Government’s “slow” and “senseless” Covid-19 vaccination plan has come under a barrage of criticism from members of Parliament (MPs) during President Cyril Ramaphosa’s question and answer session on Thursday.
The president was fielding questions about, among others, the brand and quantity of the Covid-19 vaccines that government had procured thus far, the vaccine price tag, and vaccines approved by the SA Health Products Regulatory Authority (Sahpra).
EFF chief whip Floyd Shavambu said according to their estimate, it would cost a minimum of R50 billion to vaccinate 7% of the population, and that Treasury had allocated R4.3 billion for the entire vaccine rollout.
“The vaccine plan does not make any sense…You are saying you are going to vaccinate 41 million South Africans, when you have only allocated R4.3 billion? And do not tell us about the contingency budget because contingency budgets are allocated for things not foreseen. We have known for more than 12 months about this pandemic that requires intervention,” he charged.
Democratic Alliance (DA) leader John Steenhuisen went for the jugular and asked Ramaphosa if he was going to take responsibility for the lives already lost to Covid-19, saying the ANC was occupied by its own battles when people were dying.
He said other countries were nearly finished with their vaccination programme, while SA had yet to vaccinate a single private citizen, and only managed to vaccinate just over 300,000 healthcare workers in months.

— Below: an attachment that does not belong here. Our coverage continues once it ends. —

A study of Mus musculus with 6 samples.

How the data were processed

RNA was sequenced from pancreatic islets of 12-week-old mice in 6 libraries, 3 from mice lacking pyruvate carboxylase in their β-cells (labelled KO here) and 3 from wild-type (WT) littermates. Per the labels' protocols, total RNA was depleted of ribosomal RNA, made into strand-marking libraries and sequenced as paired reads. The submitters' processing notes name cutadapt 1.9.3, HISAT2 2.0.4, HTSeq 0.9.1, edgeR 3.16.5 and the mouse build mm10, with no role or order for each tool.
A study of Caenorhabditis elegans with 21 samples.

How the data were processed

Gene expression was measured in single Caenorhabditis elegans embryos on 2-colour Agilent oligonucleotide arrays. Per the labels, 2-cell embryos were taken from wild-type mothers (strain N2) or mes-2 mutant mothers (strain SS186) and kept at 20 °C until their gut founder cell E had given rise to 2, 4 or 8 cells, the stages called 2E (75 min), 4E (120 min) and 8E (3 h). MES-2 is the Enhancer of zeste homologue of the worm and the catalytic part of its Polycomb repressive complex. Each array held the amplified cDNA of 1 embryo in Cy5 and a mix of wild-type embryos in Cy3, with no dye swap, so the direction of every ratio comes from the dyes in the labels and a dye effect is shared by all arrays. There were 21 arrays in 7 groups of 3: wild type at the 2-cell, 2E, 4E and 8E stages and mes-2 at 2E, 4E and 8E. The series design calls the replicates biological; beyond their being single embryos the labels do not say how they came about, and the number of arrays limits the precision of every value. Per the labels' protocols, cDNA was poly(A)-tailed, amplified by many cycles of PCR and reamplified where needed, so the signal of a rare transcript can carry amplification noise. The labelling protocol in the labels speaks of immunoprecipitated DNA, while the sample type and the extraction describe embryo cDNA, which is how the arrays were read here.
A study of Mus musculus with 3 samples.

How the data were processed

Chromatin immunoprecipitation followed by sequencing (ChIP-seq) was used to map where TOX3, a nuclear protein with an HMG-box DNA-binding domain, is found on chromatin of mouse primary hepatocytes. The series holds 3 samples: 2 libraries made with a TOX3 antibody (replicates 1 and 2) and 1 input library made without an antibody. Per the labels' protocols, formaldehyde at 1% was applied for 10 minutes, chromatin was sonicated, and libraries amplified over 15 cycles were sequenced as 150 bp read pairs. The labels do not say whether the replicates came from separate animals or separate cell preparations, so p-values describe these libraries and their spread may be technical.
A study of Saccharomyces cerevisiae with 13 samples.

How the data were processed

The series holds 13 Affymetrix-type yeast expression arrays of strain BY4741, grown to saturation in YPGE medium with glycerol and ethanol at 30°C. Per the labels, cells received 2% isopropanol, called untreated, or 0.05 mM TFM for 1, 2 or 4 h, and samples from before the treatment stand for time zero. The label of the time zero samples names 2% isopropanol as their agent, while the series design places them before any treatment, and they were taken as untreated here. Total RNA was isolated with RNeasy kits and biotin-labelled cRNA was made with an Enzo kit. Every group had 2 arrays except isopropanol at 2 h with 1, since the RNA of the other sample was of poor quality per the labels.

“SA’s current ranking for Covid-19 vaccine administered is 33, not in the world but in Africa. That is after Sierra Leone, Sudan, Somalia and Zambia… Yes people are angry because you have failed them. Do you take responsibility for the life lost due to failure?” Steenhuisen asked.
But the president kept his cool, despite the EFF heckling him and casting aspersions on his legitimacy after the so-called suspension by the suspended secretary genera Ace Magashule.
Ramaphosa said the delays were as a result of protracted negotiations with manufacturers, drug availability and ensuring that contracts with manufacturers were consistent with SA laws.
He said the government would pull out all the stops to provide funding for the vaccination programme, even if it meant Finance Minister Tito Mboweni returning to Parliament to table a supplementary budget.
“We are not going to sacrifice the lives of SA in relation to this pandemic,” Ramaphosa said.
He said they had finalised a contract for the supply of 31 million doses of the Johnson & Johnson (J&J) vaccines and that, as a continent, through the Africa Vaccine Acquisition Task Team, finalised an agreement for a 220-million doses for the rest of the continent.
He said from Pfizer they had an agreement for 20 million doses, with additional allocation from Covax of nearly 1.4 million Pfizer doses that arrived this week.
“Negotiations with manufacturers were protracted, we also have to ensure terms of contracts were consistent with our laws and not detrimental to the national interest. We also had to set up a no-fault compensation scheme through which those who experience severe adverse results following vaccination can claim damages.
“We have finalised contracts for sufficient doses to vaccinate 41.1 million. The estimated times for the delivery of the vaccines depend on several factors, many of which are beyond our control,” Ramaphosa added.
Vaccine Delivery Schedule:
- Second quarter (2021): Three million J&J doses, 4.5 million Pfizer doses, and 1.4 million Pfizer doses through the Covax facility.
- Third quarter: 9.1 million J&J doses, 8.5 million Pfizer doses.
- Fourth quarter: 19.9 million J&J doses and seven million Pfizer doses.
In total, SA will receive 31.2 million J&J doses and 21.4 million Pfizer doses, including form Covax facility.